Acts 26:1-5
Acts 26:1 (KJB)
Then Agrippa said unto Paul, Thou art permitted to speak for thyself. Then Paul stretched forth the hand, and answered for himself:
Can you picture the scene in Caesarea that day. There was King Agrippa in all his royal robes and his sister Bernice with all her jewels and wealthy clothing along with all the rulers of the town and all the Roman soldiers dressed in their best uniforms for parading. Then in the middle is one little man for whom all this was prepared for. This setting reminds me of the verse in 2 Peter. (2 Pet 1:11 KJV) For so an entrance shall be ministered unto you abundantly into the everlasting kingdom of our Lord and Saviour Jesus Christ. An abundant entrance into Heaven awaits the true believer. Here Paul is surrounded by an abundance of rulers all dressed up for an evangelistic crusade. The King Agrippa says to Paul that he may freely speak for himself. He knows that he is not on trial but here is an opportunity to bring the Gospel to royalty and the crowds which have gathered.
Acts 26:2 (KJB)
I think myself happy, king Agrippa, because I shall answer for myself this day before thee touching all the things whereof I am accused of the Jews:
Happy - Blessed
Paul had considered himself blessed that he was now able to answer all the charges brought against him by the Jews. Paul did not focus on any of the pomp surrounding him and the big parade, he wanted to focus on the accusations made against him. Paul always put the cause of Christ first because that was his reason of existence. He was glad that he was given the opportunity to speak unhindered by shouts of a mob.
Acts 26:3 (KJB)
Especially because I know thee to be expert in all customs and questions which are among the Jews: wherefore I beseech thee to hear me patiently.
One of the reasons that Paul was happy to speak before Agrippa was because he was an expert in all the matters concerning the Jews, especially the customs and teachings. Since Paul was now speaking to someone on his theological level, he now asks the king to listen to him patiently because he will probably go into much detail which would be necessary to bring out the facts in this case. Paul was also going to bring out the facts of the Gospel which is the real reason he is before Agrippa. Festus may have known some things, but he would not have had training in the finer points of the law of Moses and this is what Paul was counting on by speaking to someone who would understand a little bit deeper.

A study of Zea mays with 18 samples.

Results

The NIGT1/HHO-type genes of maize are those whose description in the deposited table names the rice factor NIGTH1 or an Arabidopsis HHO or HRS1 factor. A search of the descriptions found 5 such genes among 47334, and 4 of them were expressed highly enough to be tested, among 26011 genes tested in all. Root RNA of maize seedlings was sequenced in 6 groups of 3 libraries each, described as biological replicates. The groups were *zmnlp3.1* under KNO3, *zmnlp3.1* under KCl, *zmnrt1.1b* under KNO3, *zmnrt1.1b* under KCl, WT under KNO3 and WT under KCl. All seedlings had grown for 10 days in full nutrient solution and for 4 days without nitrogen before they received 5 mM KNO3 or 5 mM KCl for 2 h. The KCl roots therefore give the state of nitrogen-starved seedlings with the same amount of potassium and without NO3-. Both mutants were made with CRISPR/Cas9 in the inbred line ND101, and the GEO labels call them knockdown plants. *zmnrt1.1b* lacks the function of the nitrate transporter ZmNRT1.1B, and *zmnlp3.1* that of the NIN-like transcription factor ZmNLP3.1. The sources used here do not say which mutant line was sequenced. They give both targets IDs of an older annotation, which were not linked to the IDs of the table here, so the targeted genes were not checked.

Acts 26:4 (KJB)
My manner of life from my youth, which was at the first among mine own nation at Jerusalem, know all the Jews;
Now that Paul was speaking to a Jew, he did not bring up the fact of his young life in Tarsus nor the influence of his family, but kept the defense specifically upon the things of the Jews. He first began his religious life in his own town of Tarsus and then as he got older, went to Jerusalem for further training. He was taught by Gamaliel, the grandson of Hillel. He learned all the finer points of Old Testament law plus the rabbinical traditions and interpretations. Here Paul lays the foundation of his Jewish upbringing so Agrippa will know that Paul is not just some kind of rabble but a well-educated man.
Acts 26:5 (KJB)
Which knew me from the beginning, if they would testify, that after the most straitest sect of our religion I lived a Pharisee.
If those who knew Paul as he grew up and while he was still named Saul, they could easily testify to the fact that he was a Pharisee. The sect of the Pharisees were separatists. They had separated themselves from Greek culture and idolatry plus they stood against the Maccabean priests about 100 years prior to the time of Christ. Paul definitely makes it known that he was not here trying to start some new religion but that he was a Jew and a Pharisee which lived up to their tradition.